Adapting to Opportunities: Learning to Identify What is Valuable
As I grow my reach and meet new people, I have encountered more opportunities than I would’ve imagined. Instead of seeking work to do and people to talk to, it is approaching me, with exceptions.
Luckily, I’ve had the opportunity to expand my network and become a larger known name in the business world. With this comes more experiences I can take part in. I’ve been a part of 2 seed funding rounds with junior mining companies. At first, I didn’t necessarily know what I was doing. I knew the people I was giving money to were well-trusted businessmen who had successful track records. However, I didn’t know much about the company or how I was going to make money. Looking back, those investments have turned out well so far, but I should’ve been a bit more cautious.
Today, I’ve had a few people reach out to me looking for capital and help to raise capital. It’s exciting to be receiving emails like this, but I’ve learned to be a bit more careful with my money and identify what is best to do with it. Instead of saying, “yes for sure,” I’ve hopped on phone calls and learned a bit about the company, what they are doing, what their goals are, etc…
One big thing that has often come up through this journey is people reaching out for me to gain “experience.” Sometimes, the experience is very valuable, and I can learn a lot about a specific area. Most times, this is not the case. People think I am super eager to do work with little to no pay. Again, sometimes it is valuable, but others not as much.
Since I am younger, I think some people get the understanding that I am open to doing work for the sake of experience. For my more youthful audience, a tip of advice: don’t do work for free unless it’s with people who will benefit you down the road. People may hype themselves up and explain how prominent they are in the business world, but they want someone to do their bullshit work in reality.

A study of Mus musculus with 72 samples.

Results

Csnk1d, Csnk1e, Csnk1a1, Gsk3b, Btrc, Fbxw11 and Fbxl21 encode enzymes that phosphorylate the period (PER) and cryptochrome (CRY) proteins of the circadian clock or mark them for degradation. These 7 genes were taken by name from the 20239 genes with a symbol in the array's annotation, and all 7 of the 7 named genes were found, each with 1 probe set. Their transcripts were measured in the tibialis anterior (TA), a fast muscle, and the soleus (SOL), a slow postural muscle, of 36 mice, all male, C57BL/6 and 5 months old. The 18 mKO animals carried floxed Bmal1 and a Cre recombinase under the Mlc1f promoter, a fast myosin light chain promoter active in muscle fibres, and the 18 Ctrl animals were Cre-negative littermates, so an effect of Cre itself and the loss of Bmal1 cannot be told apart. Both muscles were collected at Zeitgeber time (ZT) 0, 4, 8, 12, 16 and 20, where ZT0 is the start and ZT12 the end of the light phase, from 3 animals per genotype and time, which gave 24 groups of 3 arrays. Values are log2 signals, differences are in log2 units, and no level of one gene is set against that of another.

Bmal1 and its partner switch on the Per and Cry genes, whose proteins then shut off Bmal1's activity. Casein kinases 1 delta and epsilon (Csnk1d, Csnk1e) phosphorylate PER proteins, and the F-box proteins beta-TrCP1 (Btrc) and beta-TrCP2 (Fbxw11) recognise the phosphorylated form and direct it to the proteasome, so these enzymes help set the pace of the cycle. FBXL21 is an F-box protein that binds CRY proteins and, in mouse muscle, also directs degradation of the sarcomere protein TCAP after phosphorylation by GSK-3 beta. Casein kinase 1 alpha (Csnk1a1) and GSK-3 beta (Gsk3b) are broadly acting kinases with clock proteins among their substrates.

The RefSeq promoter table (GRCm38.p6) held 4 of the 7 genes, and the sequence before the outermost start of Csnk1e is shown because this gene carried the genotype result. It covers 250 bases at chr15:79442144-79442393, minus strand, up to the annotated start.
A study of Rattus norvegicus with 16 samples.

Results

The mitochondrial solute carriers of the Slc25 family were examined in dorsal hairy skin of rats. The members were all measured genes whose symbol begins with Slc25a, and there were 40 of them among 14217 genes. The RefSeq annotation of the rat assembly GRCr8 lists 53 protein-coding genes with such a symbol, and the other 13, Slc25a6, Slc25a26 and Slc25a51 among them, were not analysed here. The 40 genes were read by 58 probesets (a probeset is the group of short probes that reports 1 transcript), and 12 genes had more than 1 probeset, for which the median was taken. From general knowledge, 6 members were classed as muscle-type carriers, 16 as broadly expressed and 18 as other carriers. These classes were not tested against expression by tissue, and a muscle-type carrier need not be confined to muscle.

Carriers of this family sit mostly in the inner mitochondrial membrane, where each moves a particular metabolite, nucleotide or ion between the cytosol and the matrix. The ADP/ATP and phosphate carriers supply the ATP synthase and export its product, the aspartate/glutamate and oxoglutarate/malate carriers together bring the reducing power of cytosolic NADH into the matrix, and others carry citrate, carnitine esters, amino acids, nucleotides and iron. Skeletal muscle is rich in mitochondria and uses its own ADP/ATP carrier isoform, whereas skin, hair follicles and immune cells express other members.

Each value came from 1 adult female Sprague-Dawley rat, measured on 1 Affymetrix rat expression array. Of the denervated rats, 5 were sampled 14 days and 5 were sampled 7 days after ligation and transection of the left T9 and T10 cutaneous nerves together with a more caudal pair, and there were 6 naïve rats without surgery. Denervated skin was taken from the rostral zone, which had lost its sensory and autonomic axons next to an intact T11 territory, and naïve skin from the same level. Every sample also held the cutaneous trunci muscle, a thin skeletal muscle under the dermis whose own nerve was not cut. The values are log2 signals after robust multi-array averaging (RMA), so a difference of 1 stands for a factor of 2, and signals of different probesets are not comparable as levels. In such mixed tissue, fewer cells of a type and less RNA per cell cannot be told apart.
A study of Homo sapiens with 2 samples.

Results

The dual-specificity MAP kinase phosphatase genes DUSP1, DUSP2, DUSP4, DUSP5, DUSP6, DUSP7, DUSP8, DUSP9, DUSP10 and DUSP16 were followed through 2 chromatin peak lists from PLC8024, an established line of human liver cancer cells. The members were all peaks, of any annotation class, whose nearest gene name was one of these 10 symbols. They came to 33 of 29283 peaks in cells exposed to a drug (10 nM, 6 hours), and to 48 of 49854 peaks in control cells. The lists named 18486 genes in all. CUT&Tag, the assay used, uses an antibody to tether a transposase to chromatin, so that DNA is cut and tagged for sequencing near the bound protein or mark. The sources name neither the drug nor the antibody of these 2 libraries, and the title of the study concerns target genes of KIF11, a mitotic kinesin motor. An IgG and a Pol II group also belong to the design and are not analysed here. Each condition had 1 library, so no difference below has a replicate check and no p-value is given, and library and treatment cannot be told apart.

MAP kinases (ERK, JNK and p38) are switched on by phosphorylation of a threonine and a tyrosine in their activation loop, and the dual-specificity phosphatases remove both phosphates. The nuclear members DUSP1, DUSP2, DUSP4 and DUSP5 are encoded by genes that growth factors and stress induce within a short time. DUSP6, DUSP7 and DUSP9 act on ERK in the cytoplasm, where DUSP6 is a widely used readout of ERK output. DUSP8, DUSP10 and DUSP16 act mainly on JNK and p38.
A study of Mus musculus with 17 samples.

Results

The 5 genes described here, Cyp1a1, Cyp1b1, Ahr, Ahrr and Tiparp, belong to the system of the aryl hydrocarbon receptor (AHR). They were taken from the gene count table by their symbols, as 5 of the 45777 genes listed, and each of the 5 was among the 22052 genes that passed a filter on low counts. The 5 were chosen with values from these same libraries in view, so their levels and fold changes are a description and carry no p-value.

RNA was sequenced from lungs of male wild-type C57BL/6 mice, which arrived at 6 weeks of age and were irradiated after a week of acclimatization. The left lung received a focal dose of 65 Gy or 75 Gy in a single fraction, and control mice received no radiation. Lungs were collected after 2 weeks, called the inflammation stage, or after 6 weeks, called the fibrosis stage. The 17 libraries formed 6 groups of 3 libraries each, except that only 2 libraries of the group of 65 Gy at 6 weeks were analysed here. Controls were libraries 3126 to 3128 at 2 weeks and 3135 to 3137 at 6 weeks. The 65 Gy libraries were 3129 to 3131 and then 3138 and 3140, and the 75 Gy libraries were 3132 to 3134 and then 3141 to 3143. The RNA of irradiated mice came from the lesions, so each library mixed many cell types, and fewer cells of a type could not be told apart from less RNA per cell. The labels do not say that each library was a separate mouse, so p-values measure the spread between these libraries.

Another thing that is starting to grow is the number of interview requests I am receiving. At first, nobody was ever reaching out to me to do an interview. Now, I accept as many requests as I send offers. I’ve had to pick who is exciting enough, and although I am losing some connections with people, I am learning how to value my time with others.
Between work experience, interviews, school work, and social media, I have a decent amount of stuff I am balancing on my plate right now. I love every bit of it, but I have realized that I don’t have time to do everything. As my business journey continues, I hope to grow out of some of the things I am doing right now and either turn them into more significant parts of my life or adapt to new opportunities. There are so many things that I’ve had the chance to do in this last year, and I’m very grateful for that. I hope opportunities continue to come my way, and I learn how to value them even more so.
For my younger audience, this article was intended for you. I want you to realize that you are the future, and as you meet more people, more work will follow. You should know how to identify your value in a situation and not undersell yourself. Also, don’t waste your time doing stuff that will have no benefit down the road. There’s so much you can do in the upcoming years, and it’s up to you to decide how to manage it.